Where Are All of the College Students Anyway?
The neighborhood pool is crowded, the garden in the backyard is overflowing with vegetables, and the lemonade stand down the street is thriving. It’s official: summer is in full bloom.
But not everywhere in the US sees an infusion of liveliness this time of year. In fact, in many places—particularly so-called “college towns”—summer is a notably quieter time of year.
Indeed, if you live near one of the 7,000-or-so colleges and universities in the United States, you may have noticed a marked lack of hustle and bustle lately. That’s really no surprise when you consider that there were over 20 Million college students in the US during the 2018-19 school year. (Of those, 3 Million are “distance-only” students—i.e., those who only attend classes online—and are not used in the calculations to follow.)
Colleges and universities play a major role in many local and regional economies, in both urban and rural areas. In most places, they are the most vital ingredient in developing tomorrow’s workforce. In short, higher-ed institutions and their students are at the center of much of the work that Fourth Economy does. So let’s take a second to consider where those college students are… and, depending on how you look at it, the answers will either be pretty obvious or will likely include some surprises.
Of the 3,142 counties in the US, only 1,436—fewer than half—have a registered college or university. No surprise: the ones that do are generally more populous counties. (But there are plenty of exceptions to that statement.)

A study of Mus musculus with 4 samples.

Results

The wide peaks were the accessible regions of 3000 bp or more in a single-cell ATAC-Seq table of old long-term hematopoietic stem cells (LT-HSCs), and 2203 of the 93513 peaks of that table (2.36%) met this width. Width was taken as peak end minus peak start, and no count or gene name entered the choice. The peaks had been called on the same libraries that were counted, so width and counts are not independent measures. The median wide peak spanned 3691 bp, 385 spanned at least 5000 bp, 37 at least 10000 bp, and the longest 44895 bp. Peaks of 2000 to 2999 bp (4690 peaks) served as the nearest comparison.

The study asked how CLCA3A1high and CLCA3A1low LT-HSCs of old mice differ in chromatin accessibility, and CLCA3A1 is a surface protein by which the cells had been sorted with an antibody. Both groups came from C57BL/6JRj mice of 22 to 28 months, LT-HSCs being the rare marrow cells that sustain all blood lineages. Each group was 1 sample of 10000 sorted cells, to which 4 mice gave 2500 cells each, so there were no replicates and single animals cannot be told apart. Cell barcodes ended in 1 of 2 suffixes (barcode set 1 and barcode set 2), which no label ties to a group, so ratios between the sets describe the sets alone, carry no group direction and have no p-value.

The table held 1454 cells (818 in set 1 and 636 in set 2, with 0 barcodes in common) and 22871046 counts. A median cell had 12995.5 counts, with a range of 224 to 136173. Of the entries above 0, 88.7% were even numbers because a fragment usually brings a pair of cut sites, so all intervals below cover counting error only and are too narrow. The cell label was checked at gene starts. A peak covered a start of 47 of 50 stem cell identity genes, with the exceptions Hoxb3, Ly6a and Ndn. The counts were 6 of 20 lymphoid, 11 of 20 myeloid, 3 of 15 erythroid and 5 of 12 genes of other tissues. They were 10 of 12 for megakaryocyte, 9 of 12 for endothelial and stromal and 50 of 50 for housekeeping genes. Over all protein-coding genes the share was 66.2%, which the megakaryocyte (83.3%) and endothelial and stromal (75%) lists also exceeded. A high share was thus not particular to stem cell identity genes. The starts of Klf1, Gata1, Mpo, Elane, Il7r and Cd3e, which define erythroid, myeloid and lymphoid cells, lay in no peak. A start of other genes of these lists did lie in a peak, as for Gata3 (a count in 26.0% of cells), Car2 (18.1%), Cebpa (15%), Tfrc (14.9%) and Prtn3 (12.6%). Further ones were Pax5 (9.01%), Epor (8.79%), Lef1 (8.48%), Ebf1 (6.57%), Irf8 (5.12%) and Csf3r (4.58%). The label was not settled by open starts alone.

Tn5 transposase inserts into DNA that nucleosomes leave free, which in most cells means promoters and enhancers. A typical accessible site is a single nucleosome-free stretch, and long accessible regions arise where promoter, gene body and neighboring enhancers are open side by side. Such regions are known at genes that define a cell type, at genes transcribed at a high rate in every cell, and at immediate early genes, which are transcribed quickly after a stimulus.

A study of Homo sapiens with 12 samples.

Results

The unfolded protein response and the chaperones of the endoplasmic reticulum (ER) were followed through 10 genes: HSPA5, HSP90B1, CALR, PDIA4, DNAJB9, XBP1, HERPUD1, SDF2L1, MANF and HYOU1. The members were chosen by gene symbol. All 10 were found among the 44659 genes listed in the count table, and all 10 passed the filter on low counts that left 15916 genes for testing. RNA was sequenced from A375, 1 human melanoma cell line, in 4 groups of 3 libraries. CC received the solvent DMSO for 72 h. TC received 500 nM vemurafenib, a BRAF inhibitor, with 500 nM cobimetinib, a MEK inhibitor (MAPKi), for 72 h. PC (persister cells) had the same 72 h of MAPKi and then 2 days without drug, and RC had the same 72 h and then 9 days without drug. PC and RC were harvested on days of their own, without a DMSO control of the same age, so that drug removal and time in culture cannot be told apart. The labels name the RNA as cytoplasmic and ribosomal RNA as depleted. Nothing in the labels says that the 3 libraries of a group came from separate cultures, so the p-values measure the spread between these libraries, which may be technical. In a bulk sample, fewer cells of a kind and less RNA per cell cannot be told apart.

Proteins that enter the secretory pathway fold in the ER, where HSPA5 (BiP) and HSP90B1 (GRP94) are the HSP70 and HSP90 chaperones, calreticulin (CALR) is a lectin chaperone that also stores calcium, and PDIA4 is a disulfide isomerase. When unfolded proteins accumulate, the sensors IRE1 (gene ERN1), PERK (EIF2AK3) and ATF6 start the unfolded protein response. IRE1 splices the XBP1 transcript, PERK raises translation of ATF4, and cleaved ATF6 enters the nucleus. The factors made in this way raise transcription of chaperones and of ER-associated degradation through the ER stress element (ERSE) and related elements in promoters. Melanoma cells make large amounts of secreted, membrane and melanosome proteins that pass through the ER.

The largest county in the US by population, Los Angeles County, also has the largest total college student population. (In case you were wondering, yes, New York is a more populous city than Los Angeles, but its five boroughs are actually five separate counties. If we used cities instead of counties, New York would be the highest in total college student enrollment.)
A more interesting way to cut the data, however, is to look at the ratio of college students (excluding online-only students) who are enrolled at local institutions to resident population of counties. One might reasonably expect counties with well-known college towns—such as College Station (Brazes County, TX), or Ithaca (Tompkins County, NY)—to top the list. Sure enough, each of these do come out with very high ratios of college students to residents, but there are plenty of other, more rural places that have similarly high ratios.
Want to explore how your county compares? Check out the map below. Click on a county to explore the data. Areas that show up in darker purple have more college students enrolled per resident. And for a more robust portrait of county-level community and economic analysis, visit Fourth Economy’s Community Index.
Note: this analysis is based on data from IPEDS data and US Census Bureau.